But equally revealing are the online skirmishes that have broken out as journalists pile into these communities looking for quotes and comments, especially from this Livejournal member. This caught my eye in Robin’s post:
A few livejournal users weighed in to pass comment on the media’s clumsy approaches with a user, who posted anonymously, possibly saying it best:
“…I also have mixed feelings about having read your blog. On the one hand, I enjoyed being able to cut through the media bullshit and read about the day from your perspective. I read your entry aloud to my roommates since I thought it sounded so much like what would happen at our house. On the other hand, the only thing sicker than what happened today is the way the news outlets are going about contacting VT students. Although you have a public blog, how were you to know that it would attract so much attention? I am really disheartened by their insincere sounding messages and attempts to get the authenticity that your LJ already has, just by virtue of you being an individual in a truly horrible situation.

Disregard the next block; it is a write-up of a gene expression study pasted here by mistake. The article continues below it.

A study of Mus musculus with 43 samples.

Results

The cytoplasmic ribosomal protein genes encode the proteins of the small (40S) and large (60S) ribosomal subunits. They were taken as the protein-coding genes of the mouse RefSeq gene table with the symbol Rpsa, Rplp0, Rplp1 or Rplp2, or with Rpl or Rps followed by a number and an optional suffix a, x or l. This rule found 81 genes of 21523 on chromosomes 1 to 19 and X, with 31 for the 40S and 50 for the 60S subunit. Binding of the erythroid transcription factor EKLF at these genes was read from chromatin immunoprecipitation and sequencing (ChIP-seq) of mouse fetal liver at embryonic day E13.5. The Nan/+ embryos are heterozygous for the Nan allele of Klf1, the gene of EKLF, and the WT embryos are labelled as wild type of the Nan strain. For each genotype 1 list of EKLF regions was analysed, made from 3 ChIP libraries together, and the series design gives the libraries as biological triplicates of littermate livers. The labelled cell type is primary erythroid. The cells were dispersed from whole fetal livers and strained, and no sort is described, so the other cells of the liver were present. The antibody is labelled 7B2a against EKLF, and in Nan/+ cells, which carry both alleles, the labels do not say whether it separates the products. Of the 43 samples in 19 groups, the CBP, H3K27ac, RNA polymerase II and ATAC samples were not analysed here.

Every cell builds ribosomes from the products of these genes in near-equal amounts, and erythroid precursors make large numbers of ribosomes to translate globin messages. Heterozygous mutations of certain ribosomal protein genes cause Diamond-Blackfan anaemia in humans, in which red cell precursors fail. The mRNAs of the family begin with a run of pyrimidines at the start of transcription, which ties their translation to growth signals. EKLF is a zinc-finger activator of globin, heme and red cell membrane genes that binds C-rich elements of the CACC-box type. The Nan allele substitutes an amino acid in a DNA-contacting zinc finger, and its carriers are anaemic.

I can’t help wondering if the nature of Livejournal is partly behind the outrage. I’m a Livejournaler myself (here’s my somewhat neglected Livejournal); it was where I started blogging. And the characteristic of Livejournal that triggered the creation of this blog was its community nature. Its system of “friends” and the “friends page” means that most Livejournals are read through Livejournal – it’s for talking to a circle of friends, not to the world at large. Barging into that community and asking for comment feels not unlike barging into a pub and asking somebody for comments.
Now sure, journalism has a long and dishonourable tradition of doorstopping the victims of tragedies. But in the digital age, the communities around the victims have voices to express their outrage at the media’s behaviour – and that’s what we’re seeing here.